December 19, 2001 |
An outbreak of the deadly Ebola virus in Gabon's remote northeastern jungles appeared to be spreading as the death toll rose to 13. Health authorities have identified 19 suspected cases, World Health Organization spokesman Gregory Hartl said in Geneva. That is three more than Monday, when the death toll stood at 12.
December 16, 2001
At least one more person has died of Ebola in the Central African nation of Gabon, bringing the death toll from an outbreak of the virus to 11, a World Health Organization spokesman said. Gregory Hartl, speaking by telephone from the WHO's headquarters in Geneva, said that three other people were known to be infected with the virus but that no other cases have been confirmed.
December 11, 2001 |
The government has cordoned off a remote forest village to stop an outbreak of the deadly Ebola virus that is believed to have killed at least 10 people in this equatorial African country, health authorities said Monday. "The zone is completely cordoned off," said Obame Edou, Gabon's assistant health director. "A team has left for the area today, and the government will not delay in releasing news on the epidemic."
December 10, 2001 |
An outbreak of fever in the equatorial African nation of Gabon has been confirmed as the deadly disease Ebola, the World Health Organization said Sunday. It is the first documented outbreak of Ebola since one last year in Uganda, where 224 people--including health workers--died from the virus, WHO said. Ebola is one of the most virulent viral diseases, causing death in 50% to 90% of all clinically ill patients. WHO spokesman Gregory Hartl said seven people have reportedly died in Gabon.
December 7, 2001 |
Medical experts from the World Health Organization flew to central Congo on Thursday to investigate the deaths of 17 people with Ebola-like symptoms, state radio said. The deaths began Nov. 17 in Dekese, a village about 450 miles east of Kinshasa, the capital, U.N. officials said. At least 30 people, including the 17 who died, exhibited symptoms similar to those associated with Ebola, said Auguy Ebeja, a physician with the aid group Doctors Without Borders.
February 8, 2001 |
A Congolese woman who arrived in Canada and fell ill does not have the Ebola virus as feared, and the danger of her sickness spreading is "minimal," health officials said after receiving test results. The woman's illness has alarmed some people since early this week, when doctors raised the possibility of Ebola and she was put into total isolation at Henderson General Hospital in Hamilton, Ontario. But health officials said at a news conference that she had tested negative for the deadly virus.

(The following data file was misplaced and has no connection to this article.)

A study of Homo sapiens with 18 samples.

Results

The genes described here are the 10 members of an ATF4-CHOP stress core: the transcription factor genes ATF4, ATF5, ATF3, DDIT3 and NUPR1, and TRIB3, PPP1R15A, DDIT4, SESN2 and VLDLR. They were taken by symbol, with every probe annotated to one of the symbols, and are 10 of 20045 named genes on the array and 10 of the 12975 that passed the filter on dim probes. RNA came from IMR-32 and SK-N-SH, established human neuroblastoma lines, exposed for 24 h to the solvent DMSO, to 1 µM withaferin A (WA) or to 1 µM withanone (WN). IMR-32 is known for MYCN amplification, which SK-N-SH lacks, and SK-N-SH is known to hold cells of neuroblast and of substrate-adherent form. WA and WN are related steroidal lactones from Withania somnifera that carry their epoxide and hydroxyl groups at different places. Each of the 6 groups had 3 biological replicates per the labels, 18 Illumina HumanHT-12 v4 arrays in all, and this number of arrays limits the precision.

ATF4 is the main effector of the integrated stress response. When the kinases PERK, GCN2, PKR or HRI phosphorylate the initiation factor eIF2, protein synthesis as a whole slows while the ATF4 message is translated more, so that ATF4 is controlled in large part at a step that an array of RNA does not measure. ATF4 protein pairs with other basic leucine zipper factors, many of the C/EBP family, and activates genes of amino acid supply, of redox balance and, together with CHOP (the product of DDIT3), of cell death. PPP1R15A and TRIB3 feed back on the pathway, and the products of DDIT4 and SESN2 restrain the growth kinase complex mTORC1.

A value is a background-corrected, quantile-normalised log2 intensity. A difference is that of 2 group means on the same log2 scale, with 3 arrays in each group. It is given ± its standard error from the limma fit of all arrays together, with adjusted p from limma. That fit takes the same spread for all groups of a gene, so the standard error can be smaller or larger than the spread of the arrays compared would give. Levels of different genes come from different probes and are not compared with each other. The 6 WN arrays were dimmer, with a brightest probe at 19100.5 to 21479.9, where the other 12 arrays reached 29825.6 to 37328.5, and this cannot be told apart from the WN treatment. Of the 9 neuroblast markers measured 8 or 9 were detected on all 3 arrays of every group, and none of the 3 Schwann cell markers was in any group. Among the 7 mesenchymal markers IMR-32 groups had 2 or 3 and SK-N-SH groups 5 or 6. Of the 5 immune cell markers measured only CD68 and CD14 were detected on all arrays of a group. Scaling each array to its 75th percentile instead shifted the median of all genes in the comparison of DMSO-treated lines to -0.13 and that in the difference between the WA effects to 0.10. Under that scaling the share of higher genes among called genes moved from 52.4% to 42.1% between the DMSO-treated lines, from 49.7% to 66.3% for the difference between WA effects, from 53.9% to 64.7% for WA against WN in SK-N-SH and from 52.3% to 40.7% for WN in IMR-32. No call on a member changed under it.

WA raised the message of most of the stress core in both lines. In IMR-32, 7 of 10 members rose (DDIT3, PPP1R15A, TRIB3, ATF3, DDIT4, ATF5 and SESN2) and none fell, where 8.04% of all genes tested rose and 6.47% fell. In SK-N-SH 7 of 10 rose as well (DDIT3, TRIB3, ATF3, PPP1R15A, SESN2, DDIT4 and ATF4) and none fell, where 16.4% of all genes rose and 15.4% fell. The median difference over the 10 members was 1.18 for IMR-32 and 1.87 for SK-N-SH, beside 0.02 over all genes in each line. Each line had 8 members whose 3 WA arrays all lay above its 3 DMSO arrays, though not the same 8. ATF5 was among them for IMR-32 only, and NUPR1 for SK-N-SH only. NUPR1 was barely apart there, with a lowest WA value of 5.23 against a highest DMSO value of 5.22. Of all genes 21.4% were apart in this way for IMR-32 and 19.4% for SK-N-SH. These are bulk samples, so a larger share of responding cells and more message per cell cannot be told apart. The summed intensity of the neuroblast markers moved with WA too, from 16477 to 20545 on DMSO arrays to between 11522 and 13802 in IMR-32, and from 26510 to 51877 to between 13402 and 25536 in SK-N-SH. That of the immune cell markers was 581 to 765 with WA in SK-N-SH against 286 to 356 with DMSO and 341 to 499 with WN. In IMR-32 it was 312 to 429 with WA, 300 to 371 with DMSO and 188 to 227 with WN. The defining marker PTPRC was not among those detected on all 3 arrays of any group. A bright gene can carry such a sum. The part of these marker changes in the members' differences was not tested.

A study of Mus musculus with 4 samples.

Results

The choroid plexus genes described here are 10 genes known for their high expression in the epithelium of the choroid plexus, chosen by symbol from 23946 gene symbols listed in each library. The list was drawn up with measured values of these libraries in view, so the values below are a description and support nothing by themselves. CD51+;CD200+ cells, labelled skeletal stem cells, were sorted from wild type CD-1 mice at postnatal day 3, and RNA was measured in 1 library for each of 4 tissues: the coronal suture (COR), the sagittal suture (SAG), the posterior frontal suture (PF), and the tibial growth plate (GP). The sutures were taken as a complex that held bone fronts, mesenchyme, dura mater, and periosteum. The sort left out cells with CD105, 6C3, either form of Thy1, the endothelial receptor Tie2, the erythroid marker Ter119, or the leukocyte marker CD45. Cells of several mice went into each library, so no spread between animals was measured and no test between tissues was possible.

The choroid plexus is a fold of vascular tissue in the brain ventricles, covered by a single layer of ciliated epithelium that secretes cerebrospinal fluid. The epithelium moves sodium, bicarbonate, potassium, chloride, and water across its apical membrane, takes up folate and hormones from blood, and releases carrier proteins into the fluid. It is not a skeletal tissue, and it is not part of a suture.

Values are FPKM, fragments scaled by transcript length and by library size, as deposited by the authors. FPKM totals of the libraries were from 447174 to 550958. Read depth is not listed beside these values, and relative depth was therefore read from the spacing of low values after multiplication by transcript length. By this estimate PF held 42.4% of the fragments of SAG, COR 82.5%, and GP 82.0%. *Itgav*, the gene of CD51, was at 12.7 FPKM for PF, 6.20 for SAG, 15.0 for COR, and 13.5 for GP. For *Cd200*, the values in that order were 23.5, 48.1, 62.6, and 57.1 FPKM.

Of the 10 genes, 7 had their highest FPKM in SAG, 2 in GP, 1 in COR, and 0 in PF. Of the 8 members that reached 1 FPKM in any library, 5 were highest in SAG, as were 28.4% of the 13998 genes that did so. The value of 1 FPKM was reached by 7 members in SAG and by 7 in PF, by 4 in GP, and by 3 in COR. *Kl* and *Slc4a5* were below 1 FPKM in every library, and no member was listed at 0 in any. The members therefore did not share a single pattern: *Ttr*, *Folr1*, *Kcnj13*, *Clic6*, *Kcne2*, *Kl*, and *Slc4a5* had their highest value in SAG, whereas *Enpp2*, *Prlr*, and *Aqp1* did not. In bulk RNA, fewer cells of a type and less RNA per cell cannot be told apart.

February 7, 2001 |
A woman who flew from Congo to Canada via the New York area is being tested for hemorrhagic viruses, including Ebola, after being hospitalized in Canada over the weekend with a mystery illness. The Congolese woman, who has not been identified, is being kept in isolation in a hospital in Hamilton, Ontario, and has been slipping in and out of consciousness since Sunday, doctors say.
December 6, 2000 |
Dr. Matthew Lokwiya, who led the fight against the deadly Ebola virus, himself became a victim of the outbreak. Lokwiya, who was in his early 40s, was one of the first to recognize that patients being admitted to Lacor Hospital in the northern Ugandan town of Gulu were suffering from a form of viral hemorrhagic fever, later identified as Ebola. After weeks of treating patients--and being credited for keeping the death toll remarkably low--Lokwiya became a patient himself Thursday.
November 30, 2000 |
The Ebola virus--widely feared because of its horrifying symptoms and lethal nature--may be on the verge of being tamed. Federal researchers report in today's Nature that they have devised a vaccine that fully protects monkeys against the virus--the first proof that vaccination against Ebola is possible in primates and a major step toward development of a vaccine for humans.